Imagine yourself as a plaintiff and you have just settled your lawsuit with a company for a large sum of money. You can choose to cash out the lump sum or receive something called a structured settlement. A structured settlement is an arrangement made to pay the settlement in installments over time. This would usually be accomplished by purchasing an annuity.
Annuities provide regularly scheduled payments as specified under the terms of the structured settlement. The terms would depend on your personal and/or financial situation. You would opt for minimum installments if the reason for your settlement has compromised your life expectancy. If you have special needs that require large periodic expenses such as medical equipment, you may customize the timing of each payment accordingly.
Structured settlements may be a prudent choice if you have poor spending habits. Rather than blowing through your lump sum, you are guaranteed a steady source of income for life. Another advantage is the reduction in taxes needed to be paid that would otherwise be substantial for a lump sum.
Structured settlements have disadvantages as well. Once the terms for the structured settlement are agreed, they cannot be changed in the future. Those who wish to buy a new home, or other expensive items are not allowed to borrow against their future payments arranged by their settlement.
If you decide you need more money immediately, you may opt for a structured settlement factoring transaction. In this process, the owner of the structured settlement can sell all or a portion of his or her future payments for a lump sum albeit a lesser value. This may or may not be possible depending on where you live. Two thirds of the states have enacted laws which restrict the sale of structured settlements. Tax-free structured settlements are subject to federal restrictions on their sale to a third party.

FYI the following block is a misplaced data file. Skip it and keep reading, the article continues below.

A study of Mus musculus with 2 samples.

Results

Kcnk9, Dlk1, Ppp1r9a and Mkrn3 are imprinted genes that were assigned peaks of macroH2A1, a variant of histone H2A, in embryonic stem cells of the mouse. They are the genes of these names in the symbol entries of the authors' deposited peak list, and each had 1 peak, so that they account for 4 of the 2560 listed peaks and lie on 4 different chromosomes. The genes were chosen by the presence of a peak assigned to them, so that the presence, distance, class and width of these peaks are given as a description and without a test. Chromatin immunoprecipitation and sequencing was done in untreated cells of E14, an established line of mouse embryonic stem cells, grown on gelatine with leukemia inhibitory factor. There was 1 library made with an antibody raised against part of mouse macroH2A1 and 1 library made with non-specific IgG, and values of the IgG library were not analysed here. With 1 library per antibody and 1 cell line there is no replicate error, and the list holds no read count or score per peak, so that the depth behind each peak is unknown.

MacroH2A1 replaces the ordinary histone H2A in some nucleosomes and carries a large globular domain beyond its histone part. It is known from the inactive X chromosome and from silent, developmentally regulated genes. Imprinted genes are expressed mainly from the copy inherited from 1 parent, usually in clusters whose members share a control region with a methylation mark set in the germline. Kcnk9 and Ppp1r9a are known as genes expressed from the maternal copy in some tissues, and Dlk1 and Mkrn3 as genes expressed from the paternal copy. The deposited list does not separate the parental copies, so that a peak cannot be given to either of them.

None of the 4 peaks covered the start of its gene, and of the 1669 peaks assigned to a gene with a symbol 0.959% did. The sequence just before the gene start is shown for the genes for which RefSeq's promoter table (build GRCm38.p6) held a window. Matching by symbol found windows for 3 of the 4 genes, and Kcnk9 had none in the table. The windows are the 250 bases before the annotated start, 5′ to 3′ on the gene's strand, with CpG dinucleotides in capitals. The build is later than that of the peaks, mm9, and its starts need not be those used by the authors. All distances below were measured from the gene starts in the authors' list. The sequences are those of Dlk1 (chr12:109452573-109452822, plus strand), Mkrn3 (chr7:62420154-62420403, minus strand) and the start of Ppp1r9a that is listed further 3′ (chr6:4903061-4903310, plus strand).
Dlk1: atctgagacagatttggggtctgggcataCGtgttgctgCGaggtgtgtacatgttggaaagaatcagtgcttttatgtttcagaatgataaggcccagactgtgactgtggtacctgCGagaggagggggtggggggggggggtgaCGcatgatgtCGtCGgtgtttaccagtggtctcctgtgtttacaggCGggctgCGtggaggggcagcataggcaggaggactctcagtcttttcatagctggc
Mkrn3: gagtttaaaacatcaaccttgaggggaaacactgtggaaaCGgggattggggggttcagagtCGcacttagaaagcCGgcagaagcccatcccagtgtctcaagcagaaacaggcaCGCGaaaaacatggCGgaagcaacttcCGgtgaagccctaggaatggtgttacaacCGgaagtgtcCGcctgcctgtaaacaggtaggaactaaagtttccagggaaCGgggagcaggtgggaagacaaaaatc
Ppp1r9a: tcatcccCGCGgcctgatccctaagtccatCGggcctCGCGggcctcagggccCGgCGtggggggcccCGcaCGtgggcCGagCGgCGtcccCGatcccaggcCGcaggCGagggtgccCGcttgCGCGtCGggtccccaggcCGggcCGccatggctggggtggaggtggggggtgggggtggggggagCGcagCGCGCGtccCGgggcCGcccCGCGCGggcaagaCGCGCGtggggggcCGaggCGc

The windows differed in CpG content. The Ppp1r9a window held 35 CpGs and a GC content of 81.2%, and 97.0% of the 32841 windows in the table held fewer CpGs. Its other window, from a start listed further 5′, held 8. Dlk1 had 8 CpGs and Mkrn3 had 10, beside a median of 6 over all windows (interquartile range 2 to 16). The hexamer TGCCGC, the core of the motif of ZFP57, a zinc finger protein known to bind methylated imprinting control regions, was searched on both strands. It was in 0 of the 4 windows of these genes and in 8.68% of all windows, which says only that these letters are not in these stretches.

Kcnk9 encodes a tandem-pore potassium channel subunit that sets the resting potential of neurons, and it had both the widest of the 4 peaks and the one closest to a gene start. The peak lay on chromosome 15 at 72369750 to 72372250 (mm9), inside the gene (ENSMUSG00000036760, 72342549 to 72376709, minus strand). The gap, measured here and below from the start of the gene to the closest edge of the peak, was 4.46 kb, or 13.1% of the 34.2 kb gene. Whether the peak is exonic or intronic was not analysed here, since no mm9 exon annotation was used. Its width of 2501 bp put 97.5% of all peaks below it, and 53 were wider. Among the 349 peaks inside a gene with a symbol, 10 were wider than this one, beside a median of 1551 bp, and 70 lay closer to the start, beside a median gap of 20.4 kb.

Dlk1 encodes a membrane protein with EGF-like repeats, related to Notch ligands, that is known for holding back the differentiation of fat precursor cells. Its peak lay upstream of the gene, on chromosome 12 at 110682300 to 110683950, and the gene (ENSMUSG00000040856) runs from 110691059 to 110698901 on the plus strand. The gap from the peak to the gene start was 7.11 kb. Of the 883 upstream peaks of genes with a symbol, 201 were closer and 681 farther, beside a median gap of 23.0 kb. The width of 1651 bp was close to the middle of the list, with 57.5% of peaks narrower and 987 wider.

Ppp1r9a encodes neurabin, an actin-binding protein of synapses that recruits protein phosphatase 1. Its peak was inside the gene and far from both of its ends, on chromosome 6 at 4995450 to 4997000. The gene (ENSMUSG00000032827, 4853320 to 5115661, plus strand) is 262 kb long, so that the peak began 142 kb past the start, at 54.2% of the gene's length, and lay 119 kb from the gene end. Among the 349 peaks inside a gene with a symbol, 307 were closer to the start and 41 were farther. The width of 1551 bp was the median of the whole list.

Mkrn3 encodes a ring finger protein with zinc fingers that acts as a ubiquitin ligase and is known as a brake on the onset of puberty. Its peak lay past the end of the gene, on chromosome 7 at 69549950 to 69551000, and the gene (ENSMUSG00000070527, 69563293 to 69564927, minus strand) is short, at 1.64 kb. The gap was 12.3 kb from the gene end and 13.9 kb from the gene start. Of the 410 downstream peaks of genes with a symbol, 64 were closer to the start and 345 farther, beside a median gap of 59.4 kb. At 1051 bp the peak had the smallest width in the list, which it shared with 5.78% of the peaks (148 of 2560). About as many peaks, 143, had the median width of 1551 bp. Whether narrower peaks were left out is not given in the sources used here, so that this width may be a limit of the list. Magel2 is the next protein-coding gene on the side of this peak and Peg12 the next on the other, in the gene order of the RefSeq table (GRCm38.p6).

In the event of a particularly large settlement, an important option to consider is the use of multiple insurance companies for annuity purchases. This provides added protection in the event that one of the insurance companies goes bankrupt, thus, defaulting on the settlement payments; you will still be able to receive payments from the other companies.
Larson, Aaron. “The Structured Settlement.” Apr. 2005 <http://www.expertlaw.com/library/personal_injury/structured_settlement.html>
Note: Companies that offer to purchase your structured settlement regularly offer a mere fraction of the value of that settlement. Many victims of structured settlement purchases respond to television advertising and do not understand that they are giving up most of the value of their asset.
Also, any transaction that may have tax consequences should be entered into only after receiving competent tax advice from a licensed tax advisor. Any information regarding taxation of these types of transactions is supplied only for informational purposes and should not be relied on as tax advice.